Here is one student’s response to the assignment.  Read it carefully and respond to the questions that follow, giving specific reasons and examples to support your opinions.



I agree with some of the reasons in the article but not all of them.  There are other reasons for grade disputes that Max does not point out that are also very important.  He says students argue about grades because they feel entitled, they want a magic formula and they want credit for effort.  All in all, in my opinion, grades are very important, and instructors should do all they can to make sure there students get good grades.

One reason Max Roosevelt says students argue about grades is they feel entitled to good grades.  He says, “He attributes those complaints to his students’ sense of entitlement.”  Pressure, competition, and anxiety can cause this belief.  I agree that pressure can make students want good grades.  I have to make good grades or lose my financial aid.  Another friend of mine has a job that will pay for his courses if he makes a B or higher.  I think pressure leads to anxiety about grades, but I don’t think that means we expect good grades.

Another reason Max Roosevelt says students argue about grades is they are good at preparing for tests in high school, so they want a “magic formula” to pass college courses.  I think the tests in college are much harder than they were in high school, and not all teachers give study guides.  In high school the teacher covered in class everything that would be on the test.  College teachers do not do that.  Some expect you to know what’s in class and what’s in the textbook, too.  They expect students to do what they think is important, and that’s not fair.  THere’s just too much to learn.  My psychology teacher did this, and now most of the students think he’s a lousy teacher and the class is stupid.  I agree.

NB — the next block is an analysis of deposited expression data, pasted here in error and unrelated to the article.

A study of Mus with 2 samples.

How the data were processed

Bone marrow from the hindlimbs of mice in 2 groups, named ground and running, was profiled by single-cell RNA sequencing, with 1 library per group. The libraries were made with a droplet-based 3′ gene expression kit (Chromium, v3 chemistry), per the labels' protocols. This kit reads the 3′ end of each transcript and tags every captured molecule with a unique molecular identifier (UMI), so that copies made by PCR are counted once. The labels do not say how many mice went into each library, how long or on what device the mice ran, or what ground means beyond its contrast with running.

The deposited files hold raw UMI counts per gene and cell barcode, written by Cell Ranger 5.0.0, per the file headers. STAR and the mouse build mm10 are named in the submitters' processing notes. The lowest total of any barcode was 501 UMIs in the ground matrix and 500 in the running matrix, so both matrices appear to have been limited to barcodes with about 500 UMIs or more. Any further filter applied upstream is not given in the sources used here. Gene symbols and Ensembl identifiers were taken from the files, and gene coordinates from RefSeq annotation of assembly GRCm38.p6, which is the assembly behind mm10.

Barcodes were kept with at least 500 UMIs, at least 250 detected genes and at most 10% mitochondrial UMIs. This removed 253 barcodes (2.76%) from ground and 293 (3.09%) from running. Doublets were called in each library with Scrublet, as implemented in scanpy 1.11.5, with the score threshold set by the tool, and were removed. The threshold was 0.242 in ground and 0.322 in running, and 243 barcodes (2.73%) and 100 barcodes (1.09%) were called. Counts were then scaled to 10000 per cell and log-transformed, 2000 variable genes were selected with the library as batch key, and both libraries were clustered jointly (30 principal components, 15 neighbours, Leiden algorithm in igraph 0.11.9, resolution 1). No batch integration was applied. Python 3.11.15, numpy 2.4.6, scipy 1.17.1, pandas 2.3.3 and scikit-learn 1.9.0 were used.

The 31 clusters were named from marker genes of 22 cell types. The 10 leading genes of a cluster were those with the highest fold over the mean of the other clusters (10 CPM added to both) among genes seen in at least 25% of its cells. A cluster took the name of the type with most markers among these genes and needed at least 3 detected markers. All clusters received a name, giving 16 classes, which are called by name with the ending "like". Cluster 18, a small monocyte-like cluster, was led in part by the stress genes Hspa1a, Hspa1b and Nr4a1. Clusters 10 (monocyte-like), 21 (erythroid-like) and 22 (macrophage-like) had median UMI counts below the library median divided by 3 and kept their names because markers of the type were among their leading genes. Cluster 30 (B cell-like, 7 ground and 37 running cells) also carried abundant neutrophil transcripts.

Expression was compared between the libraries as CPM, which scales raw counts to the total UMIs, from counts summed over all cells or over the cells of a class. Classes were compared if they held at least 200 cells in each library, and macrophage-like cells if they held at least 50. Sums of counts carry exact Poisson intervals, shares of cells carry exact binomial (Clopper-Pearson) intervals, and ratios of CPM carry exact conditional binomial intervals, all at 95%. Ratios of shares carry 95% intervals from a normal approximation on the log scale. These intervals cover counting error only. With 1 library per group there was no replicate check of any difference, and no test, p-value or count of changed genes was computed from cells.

Lastly, Max Roosevelt says students argue about grades because they want credit for effort.  I defiantly think teachers should give credit for effort.  If I go to class and do all the work, I should get a decent grade-period!  Not to mention the fact that I pay a lot of money for these courses.  Grades will never take a back seat like Max says they should because they are to important when it comes time to get a job.

Besides these reasons I think some students argue about grades because they are given unfairly.  The teachers don’t explain why the grades are what they are or else grade hard.  Some teachers make students do less work than others.  Like I know one of my friends has to write only two papers this semester while I have to write six.  His teacher is not so picky either.  One teacher online suggests that teachers “review materials for clarity, spell out expectations and minimize miscommunication” to avoid grade disputes.  Those sound like good suggestions to me.  Max Roosevelt writes about a serious problem in “Student Expectations Seen as Causing Grade Disputes,” and that problem is probably not going to be solved soon.


1.  Does the writer connect with the audience?  Does the writer generate interest in the opening paragraph?  Is the writing style-tone and word choice-appropriate for the audiene?  Why or why not?  Does the writer include information that supports the assignment’s purposes?

2.  Does the paper show the writer has done what was asked for?  Is the paper in a proper essay form?  Does it meet the minimum length requirement?  Do the supporting details come from the assigned article and the author’s experience?  Are there enough supporting details to achieve the writer’s purpose?

3.  Does the paper show that the writer put time into it?  What indicates the writer’s effort or lack of effort in this paper?  Is the paper neatly presented with clean pages and clear print?

4.  Does the paper avoid distracting errors?

5.  How do you think the instructor will respond to this paper?